JVM architecture and Memory Management

What is JVM?

JVM is an abstract machine used to run(execute) Java Program.There are three notions of JVM: specification, implementation, and instance.

  • Specification : A document that describes what is required of JVM Implementation.
  • Implementation: Known as JRE(Java Run Time Environment.)
  • Instance: Whenever you will run a java class file an instance of JVM is created.

Note: Each byte code is executed line by line by the JVM, that’s why JVM is called as an interpreter.


JVM Internal Architecture and Memory Management JVM Internal architechture

 

As shown in picture, we can divide JVM into three parts:

 

  1. Class Loader Subsystem
  2. Runtime Data Area
  3. Execution Engine

 


Class Loader Subsystem

  • It is used to load the classes and the interfaces.
  • It verifies the byte-code instructions.
  • It is used to assign values to class variable or static variables.

Runtime Data Area

It is the memory resource used by the JVM and it is of Five types:-

1) Method Area:

  • The method area is used to store the class data and method data including static methods.
  • There is only one method area per JVM and it is a shared resource.

2) Heap Area:

  • The Heap Area is used to store the objects and their corresponding instance variables and arrays.
  • There is only one Heap area per JVM, hence Method and Heap area are shared among resources so the data stored is not thread safe.

3) Stack Area:

  • For every new thread a new stack will be created,
  • All Local variables will be created and stored in stack area.
  • Since it is not a shared resource, so it is thread safe.

4) PC Registers

  • PC(Program Counter) Register contains the address of the JVM instruction, currently being executed.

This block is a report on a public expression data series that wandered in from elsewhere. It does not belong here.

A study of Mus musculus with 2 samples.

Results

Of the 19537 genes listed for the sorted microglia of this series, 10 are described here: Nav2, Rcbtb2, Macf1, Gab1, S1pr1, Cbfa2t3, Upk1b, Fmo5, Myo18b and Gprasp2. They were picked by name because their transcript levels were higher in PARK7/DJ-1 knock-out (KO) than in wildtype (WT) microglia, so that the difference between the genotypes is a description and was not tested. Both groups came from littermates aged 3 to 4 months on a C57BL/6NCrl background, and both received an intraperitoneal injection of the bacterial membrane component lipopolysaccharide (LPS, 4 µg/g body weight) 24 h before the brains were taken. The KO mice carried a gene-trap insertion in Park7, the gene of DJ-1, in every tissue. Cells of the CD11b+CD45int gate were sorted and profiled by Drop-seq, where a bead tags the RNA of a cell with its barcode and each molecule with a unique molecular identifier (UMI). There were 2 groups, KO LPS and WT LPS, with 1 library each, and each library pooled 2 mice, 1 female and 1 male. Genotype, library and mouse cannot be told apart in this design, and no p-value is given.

5) Native Method Stack

  • It contains all the Native method used in the application.

Execution Engine

The byte-code which is assigned to Runtime data area will be executed here.

1) Interpreter:

  •  It interprets the bytecode faster and but executes code slowly.
  • The disadvantage of the interpreter is that when one method is called multiple times, every time a new interpretation is required.

2) JIT Compiler:

  • It is used to improve the performance.
  • The Interpreter is used in converting the bytecode, but when it finds the repeated code it will use the JIT compiler.
  • The JIT Compiler compiles the entire bytecode and changes it to native code.
  • This native code will be used directly for repeated method calls, which improve the performance of the system.

3) Garbage Collector:

  • Collects and removes unreferenced objects.
  • Garbage Collection can be triggered by calling “System.gc()”

Java Native Interface (JNI):

  • JNI is used to interact with the Native Method Libraries and provides the Native Libraries required for the Execution Engine.

Native Method Libraries

  • It is a collection of the Native Libraries which is required for the Execution Engine.